Nowadays, the only cure for patients who survive end-stage heart failure is a heart transplant. As cardiac donors are scarce, there is an urgent need to develop new strategies to repair the diseased heart. One of the most promising is cardiac tissue engineering, in which cells are seeded within biomaterials to promote the assembly of functional cardiac patches. A critical challenge to developing such tissues for clinical use is that the biomaterials widely used today do not recapitulate the cardiac microenvironment. In-vivo, cells reside within a complex microenvironment that provides them with cues to guide their organization into functional tissues.
In her PhD, one of Sharon’s aims was to recapitulate this process in-vitro. She developed novel biomaterials and fabrication techniques to synthetically mimic different aspects of the cardiac microenvironment, demonstrating these materials’ ability to promote the assembly of individual cardiac cells into functional heart tissues, able spontaneously to generate pump function. Furthermore, she developed an entirely new platform for the assembly of 3D cardiac tissues, enabling the generation of mm-thick cardiac tissues that could be used for transplantation in humans. These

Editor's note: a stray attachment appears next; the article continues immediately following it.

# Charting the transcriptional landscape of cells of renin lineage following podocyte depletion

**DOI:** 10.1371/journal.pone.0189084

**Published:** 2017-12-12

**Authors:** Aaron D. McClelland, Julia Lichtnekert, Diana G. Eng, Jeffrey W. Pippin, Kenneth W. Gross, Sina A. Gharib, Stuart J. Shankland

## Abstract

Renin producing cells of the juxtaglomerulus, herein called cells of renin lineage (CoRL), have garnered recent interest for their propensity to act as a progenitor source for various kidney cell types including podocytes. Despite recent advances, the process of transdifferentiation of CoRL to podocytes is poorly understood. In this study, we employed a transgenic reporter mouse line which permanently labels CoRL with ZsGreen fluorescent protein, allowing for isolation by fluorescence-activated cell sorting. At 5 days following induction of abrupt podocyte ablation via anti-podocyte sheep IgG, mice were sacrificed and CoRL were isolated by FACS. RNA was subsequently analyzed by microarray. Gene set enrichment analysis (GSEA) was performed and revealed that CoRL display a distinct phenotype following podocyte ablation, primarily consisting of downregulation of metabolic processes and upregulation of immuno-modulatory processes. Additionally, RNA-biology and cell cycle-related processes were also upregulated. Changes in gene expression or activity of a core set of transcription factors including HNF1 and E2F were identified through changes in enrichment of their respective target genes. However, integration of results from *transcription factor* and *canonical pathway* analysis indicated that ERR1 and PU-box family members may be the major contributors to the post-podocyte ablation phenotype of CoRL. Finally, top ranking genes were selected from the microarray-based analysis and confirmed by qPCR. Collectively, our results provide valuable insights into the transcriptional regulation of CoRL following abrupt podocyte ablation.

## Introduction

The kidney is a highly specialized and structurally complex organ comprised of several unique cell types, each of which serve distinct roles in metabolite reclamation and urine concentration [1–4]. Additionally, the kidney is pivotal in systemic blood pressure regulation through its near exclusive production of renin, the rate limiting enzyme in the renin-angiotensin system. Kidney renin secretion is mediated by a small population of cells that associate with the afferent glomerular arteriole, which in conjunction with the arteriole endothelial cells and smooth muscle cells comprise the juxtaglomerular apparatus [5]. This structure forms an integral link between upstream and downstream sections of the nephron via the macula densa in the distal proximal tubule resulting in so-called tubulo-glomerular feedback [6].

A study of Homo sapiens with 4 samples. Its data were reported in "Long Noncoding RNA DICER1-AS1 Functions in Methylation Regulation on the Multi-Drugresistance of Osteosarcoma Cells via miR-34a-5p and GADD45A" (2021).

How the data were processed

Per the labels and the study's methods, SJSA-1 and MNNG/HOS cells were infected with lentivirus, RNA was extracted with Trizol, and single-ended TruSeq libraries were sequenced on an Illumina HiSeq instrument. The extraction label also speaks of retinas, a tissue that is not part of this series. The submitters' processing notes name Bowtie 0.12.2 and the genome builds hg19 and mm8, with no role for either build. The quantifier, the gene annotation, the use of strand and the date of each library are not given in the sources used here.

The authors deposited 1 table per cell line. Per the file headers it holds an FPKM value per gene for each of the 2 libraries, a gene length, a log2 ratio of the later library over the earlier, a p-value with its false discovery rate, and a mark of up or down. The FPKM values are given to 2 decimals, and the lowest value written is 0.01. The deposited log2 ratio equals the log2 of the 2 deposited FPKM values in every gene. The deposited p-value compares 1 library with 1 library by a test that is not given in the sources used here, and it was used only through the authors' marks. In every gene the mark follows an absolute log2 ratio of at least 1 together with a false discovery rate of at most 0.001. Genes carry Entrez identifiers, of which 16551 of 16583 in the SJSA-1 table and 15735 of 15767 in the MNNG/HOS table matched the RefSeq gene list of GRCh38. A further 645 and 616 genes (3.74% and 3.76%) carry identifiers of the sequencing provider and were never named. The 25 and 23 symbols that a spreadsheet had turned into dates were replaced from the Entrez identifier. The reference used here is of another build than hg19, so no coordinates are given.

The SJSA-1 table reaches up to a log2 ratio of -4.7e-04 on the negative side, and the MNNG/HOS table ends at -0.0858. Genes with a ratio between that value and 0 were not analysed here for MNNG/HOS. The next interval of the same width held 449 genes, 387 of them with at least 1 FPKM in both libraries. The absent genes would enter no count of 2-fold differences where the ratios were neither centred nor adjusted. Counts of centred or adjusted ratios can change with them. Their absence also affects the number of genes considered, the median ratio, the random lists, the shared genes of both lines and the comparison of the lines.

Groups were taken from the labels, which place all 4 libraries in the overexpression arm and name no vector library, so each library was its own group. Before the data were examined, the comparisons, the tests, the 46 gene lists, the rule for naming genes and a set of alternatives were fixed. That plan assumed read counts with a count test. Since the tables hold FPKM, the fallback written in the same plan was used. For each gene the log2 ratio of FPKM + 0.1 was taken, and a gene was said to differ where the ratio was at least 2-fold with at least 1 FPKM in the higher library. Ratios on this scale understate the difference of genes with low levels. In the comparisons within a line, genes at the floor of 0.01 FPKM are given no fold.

were incorporated with a rationally designed built-in vascular network and a controlled-release system of drugs to improve their integration into the heart muscle after transplantation. Sharon’s findings helped advance the field
of cardiac tissue engineering toward clinical translation, and they could also be utilized to advance other engineered tissues, such as liver, lung, and spinal cord tissues.
Sharon is doing her postdoctoral research at Columbia University in the lab of Prof. Gordana Vunjak-Novakovic. The financial support provided by the Ruth Arnon Fellowship will help her pursue her dream of becoming an independent researcher and returning in a few years to one of the leading institutes in Israel.